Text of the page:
By: Mallory Spoor-Baker | Category: Health & Beauty | Issue: January 2012
Make this year your healthiest yet with regular exercise, good nutrition, more sleep and quitting destructive behaviors.
We all expect great things from the new year. We attach great significance to this annual turning over of the calendar year. What do you want to accomplish in 2012? For me, this starting over always gives me a feeling that I might be able to achieve a new goal. It gives me a feeling of being able to reclaim time that I’ve lost. I start to rethink my approach to the problems in my life that are unsolved.
As always, a continuing issue in my life is about striving for better health. I absolutely believe that if I am healthier, I look better, and of course, I feel better. For many of us, the new year means resolving to eat better, exercise more, get more sleep. Hopefully it also means to change patterns of health-destructive behaviors.
As a physician, I advise people to quit smoking, decrease alcohol consumption, or lose weight. When I was in family practice, I saw people every day that I would counsel to change those things. Changing these behaviors is extremely hard.
For the physician, even having time to talk about change and prevention is hard. When my current patients ask me why I have a cosmetic practice now, I say I chose to change my practice because of time. In general practice I sometimes saw 65 patients per eight-hour day. I think that averaged about three minutes per patient! I began covering another physician’s practice who had a stroke. Seeing his patients meant I had to start treatment on medical problems that he had not had time to address. This meant I had no real constructive time with my patients and no time with my family. Something had to change in order for me to practice the “whole person” type of medicine that I wanted to practice and also be the wife and mother I wanted to be.
My current medical practice, Advanced Cosmetic Medicine, has certainly changed over the years. I’ve always tried to add new services and procedures that were safe and worthwhile for me and my patients, which are mostly targeted at someone’s appearance. Many of you know that I recommend the consumption of more fruits and vegetables and whole food nutrition. What's the old saying – “You are what you eat”? We have gotten so far away from a whole food/plant based diet that we are a sick people. Yes, our life expectancy is good – thanks to modern medicine in the United States. We certainly do not have an access to food problem – obesity is rampant. We do, however, have a nutrition problem.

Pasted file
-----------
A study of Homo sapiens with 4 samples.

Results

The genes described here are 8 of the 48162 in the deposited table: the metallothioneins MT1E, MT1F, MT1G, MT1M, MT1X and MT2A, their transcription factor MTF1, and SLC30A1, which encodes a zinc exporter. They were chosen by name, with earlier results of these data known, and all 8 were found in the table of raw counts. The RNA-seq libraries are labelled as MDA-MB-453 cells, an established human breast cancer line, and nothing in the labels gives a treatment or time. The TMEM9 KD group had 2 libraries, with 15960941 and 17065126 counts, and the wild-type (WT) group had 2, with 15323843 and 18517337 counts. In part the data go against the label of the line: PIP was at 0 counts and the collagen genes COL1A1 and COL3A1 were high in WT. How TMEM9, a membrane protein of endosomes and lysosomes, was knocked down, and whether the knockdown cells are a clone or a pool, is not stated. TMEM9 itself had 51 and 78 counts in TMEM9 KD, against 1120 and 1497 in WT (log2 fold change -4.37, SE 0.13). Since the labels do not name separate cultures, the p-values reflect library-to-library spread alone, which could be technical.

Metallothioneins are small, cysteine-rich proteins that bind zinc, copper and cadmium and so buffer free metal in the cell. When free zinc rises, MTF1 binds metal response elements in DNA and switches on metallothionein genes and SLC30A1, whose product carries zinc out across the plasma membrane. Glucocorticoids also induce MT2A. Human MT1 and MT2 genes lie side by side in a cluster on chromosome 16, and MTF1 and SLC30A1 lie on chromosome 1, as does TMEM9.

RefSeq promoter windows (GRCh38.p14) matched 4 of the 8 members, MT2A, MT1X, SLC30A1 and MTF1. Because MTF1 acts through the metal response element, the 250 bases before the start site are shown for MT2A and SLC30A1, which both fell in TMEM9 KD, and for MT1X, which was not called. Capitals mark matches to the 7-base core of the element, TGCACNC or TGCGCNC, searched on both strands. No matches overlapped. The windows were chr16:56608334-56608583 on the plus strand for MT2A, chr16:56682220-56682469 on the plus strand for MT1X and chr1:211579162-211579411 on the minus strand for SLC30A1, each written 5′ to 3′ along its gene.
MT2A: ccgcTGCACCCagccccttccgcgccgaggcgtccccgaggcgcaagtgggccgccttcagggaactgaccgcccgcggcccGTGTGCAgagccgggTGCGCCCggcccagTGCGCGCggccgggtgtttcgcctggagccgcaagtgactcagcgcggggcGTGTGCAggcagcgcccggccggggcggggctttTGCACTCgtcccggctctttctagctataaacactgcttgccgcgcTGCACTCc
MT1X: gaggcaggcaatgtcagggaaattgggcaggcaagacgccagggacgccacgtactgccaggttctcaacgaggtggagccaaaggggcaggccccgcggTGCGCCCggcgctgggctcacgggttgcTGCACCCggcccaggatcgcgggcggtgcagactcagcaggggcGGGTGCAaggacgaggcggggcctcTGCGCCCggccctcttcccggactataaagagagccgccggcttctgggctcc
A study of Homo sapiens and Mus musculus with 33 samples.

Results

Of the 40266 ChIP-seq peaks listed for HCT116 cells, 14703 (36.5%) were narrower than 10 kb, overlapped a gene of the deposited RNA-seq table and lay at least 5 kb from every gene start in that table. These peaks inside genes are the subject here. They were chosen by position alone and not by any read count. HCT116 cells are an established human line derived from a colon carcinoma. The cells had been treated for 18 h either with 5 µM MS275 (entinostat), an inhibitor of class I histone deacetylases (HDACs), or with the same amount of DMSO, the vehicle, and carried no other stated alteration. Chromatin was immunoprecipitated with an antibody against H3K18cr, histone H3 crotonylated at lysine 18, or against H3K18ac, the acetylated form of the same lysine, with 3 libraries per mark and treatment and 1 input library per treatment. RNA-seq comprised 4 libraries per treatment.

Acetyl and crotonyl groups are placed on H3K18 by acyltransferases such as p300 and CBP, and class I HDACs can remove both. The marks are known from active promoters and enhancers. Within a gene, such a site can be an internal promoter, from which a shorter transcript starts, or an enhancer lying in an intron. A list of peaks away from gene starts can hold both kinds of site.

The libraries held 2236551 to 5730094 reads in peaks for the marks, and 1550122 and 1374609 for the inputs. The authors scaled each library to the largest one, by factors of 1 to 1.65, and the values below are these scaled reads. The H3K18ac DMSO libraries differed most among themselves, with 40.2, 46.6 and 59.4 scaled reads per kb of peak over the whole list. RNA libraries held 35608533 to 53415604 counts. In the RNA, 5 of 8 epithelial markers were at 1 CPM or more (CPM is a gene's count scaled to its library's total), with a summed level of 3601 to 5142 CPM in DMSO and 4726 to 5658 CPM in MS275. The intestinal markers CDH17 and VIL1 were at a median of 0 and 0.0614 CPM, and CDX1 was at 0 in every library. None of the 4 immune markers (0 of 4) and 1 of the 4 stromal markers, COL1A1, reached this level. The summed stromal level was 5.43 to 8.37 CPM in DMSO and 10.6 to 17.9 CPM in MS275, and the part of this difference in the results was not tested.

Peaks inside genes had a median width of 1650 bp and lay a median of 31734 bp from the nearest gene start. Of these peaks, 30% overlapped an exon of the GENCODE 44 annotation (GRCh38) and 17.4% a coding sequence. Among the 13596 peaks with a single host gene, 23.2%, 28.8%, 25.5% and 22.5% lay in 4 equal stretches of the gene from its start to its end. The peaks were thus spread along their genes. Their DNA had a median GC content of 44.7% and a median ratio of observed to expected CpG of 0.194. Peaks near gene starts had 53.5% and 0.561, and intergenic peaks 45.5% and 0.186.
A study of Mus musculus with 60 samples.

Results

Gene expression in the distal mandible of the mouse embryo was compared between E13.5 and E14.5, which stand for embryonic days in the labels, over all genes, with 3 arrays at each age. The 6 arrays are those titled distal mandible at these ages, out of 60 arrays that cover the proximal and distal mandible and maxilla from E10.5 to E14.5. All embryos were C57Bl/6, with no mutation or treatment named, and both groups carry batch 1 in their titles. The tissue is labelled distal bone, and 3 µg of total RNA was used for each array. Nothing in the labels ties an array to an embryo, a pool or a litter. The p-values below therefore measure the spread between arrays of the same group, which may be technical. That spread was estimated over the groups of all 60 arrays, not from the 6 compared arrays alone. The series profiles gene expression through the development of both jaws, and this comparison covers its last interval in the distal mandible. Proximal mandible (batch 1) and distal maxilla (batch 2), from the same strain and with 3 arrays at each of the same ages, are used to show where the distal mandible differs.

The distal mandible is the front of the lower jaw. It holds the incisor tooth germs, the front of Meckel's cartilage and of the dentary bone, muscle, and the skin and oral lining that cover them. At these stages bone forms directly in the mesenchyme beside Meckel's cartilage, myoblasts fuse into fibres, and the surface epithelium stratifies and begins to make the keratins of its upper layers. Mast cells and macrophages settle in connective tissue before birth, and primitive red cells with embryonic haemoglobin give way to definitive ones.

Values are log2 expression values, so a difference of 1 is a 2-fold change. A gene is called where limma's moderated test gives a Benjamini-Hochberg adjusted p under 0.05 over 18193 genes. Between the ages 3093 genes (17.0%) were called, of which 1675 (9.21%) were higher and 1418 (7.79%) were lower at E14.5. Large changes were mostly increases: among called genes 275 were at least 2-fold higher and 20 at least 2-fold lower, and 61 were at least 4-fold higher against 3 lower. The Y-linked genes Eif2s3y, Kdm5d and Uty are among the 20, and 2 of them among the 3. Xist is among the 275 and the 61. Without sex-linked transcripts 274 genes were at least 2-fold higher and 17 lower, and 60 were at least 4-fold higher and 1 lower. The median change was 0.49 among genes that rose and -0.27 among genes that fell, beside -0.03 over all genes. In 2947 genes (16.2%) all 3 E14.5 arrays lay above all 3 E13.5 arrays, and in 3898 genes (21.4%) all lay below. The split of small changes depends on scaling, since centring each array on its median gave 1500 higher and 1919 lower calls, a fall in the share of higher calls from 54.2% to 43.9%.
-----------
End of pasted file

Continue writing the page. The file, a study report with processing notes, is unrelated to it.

The calories most of us consume are empty calories. Our common foods are so over-processed as to be completely devoid of any nutritional value. We also don’t consume food that is dense in nutrition. What are those foods? Fruits and vegetables. We need to eat them raw! Can you eat nine to 13 servings of fruits and vegetables per day? That’s a full time job!
The gradual loss of these nutrient-dense foods in our diet has meant a gradual decline in our bodies’ ability to heal itself. In our haste to create new technology we have forgotten about the “old technology” of basic nutrition, daily exercise and quality sleep. The loss of whole food nutrition in our diet has meant an ever-expanding cascade of free radicals, which over time cause cell damage, DNA damage, and cell death – this leads to disease. To add to the whole degradation process, we participate in destructive behaviors.
Can we fix this process?
The good news is yes! We can change our diet and resolve to change the destructive behaviors. I believe that you have to start with a plan and set goals that keep you focused on your journey. Set goals that are initially small enough that you can achieve them; for example to lose five pounds, not 100, or to start walking 20 minutes every day, not an hour. Allow yourself to build up to the hour. When I counsel patients about smoking cessation, I tell them to acknowledge how much they smoke and decrease their cigarette intake by two cigarettes every two weeks. As far as improving nutrition, it’s hard to consume nine to 13 servings of raw fruits and vegetables per day. It’s also difficult to get consistent variety and quality produce that does not cost a fortune. I, therefore, take a well-researched whole food supplement of fruits and veggies, as well as using a whole food meal replacement drink, which is putting me closer to my weight loss goals.
Weight loss, better nutrition, exercise, more sleep and quitting destructive behaviors will make you feel better, look better, be healthier, and live better. These goals take time and effort to achieve. There is no magic pill. Making these decisions and carrying out the activities will also increase your self-esteem, which improves your sense of well-being. Happy Trails! Happy New Year and a new you!